I may earn a commission from the companies mentioned in this post via affiliate links to products or services associated with content in this article. As an Amazon Associate I earn from qualifying purchases. Please read the Advertising Disclosure for more information.

June 27th 1864

The Battle of Kennesaw Mountain was one of very few Confederate victories during Sherman’s Atlanta campaign. The well-dug in Confederate troops under the command of General Johnston are perched on top of the 1,000 foot tall mountain unwilling to budge and unwilling to give up this part of Northern Georgia to the Federals.

The Union army stands at 100,000 men strong and is marching to the sea with General Sherman as he attempts to end his quest with the sacking of the rebel capital, Richmond. Atlanta stands in his way and then rather smooth sailing from there on to Savannah.

The mountain must be secured or the entire Union army will have to march around it, and General Sherman is unwilling to sacrifice that time for the sake of a mountain in his path. This is no ordinary mountain as it has some of the deadliest marksmen in the entire Rebel army.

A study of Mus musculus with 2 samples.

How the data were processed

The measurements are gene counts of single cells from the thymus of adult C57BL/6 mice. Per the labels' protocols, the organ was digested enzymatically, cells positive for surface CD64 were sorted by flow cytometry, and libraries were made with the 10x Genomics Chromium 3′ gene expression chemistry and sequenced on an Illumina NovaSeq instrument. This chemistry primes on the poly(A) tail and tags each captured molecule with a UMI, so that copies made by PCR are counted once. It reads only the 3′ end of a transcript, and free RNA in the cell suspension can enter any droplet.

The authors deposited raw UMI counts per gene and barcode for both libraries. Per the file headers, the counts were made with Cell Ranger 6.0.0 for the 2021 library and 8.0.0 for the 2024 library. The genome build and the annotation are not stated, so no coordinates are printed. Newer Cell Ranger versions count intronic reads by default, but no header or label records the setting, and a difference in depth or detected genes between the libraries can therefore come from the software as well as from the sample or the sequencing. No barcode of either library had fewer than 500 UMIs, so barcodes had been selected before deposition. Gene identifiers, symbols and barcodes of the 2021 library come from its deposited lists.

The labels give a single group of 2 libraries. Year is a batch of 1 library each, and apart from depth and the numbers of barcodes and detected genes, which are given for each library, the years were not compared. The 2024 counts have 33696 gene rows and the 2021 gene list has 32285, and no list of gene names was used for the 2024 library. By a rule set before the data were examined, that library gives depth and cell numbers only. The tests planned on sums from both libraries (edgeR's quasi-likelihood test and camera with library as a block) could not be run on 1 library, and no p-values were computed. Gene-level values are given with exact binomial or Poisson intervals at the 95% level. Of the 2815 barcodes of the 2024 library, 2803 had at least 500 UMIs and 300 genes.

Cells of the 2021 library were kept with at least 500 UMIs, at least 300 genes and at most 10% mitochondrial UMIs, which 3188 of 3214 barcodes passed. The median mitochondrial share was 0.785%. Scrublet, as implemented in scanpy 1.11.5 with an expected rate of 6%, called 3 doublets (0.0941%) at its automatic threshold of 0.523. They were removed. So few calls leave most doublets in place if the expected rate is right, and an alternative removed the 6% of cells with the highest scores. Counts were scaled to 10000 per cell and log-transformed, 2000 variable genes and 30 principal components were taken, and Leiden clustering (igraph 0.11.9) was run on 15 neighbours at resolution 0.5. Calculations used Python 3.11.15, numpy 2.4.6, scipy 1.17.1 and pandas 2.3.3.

The battle starts out as many others yet the big difference here is that the Union troops are defenseless as the charge the hills and cut outs of the foot of the mountain and find themselves under a hail of rebel fire.

The Rebels are taking some casualties themselves and within an hour of fighting have lost 250 men to the Unions 1,000.

The battle draws to a close as the Confederates realize that there are just too many Union troops to hold off. A retreat is ordered and the proud Rebel army under General Johnston is left to give the mountain up and leave for Atlanta. There will be other battles to fight.

As the Confederates leave off and around the mountain a fire breaks out in the nearby woods and the screams of men burning to death can be heard over the roar of the flames.

A lone Confederate soldier raises the universal sign of peaceful intentions, the white flag but not for a surrender but to allow Union troops to assist the rebels in pulling some of the charred remains and hopefully some still breathing Union troops from the torched woods. The two opposing armies, who had only an hour ago been killing each other, are now working together in order to free the men from a fiery death.

In the end this battle was a Confederate victory, which blunted the Union assault. The Union army suffered roughly 3,000 casualties to the Confederates 1,000.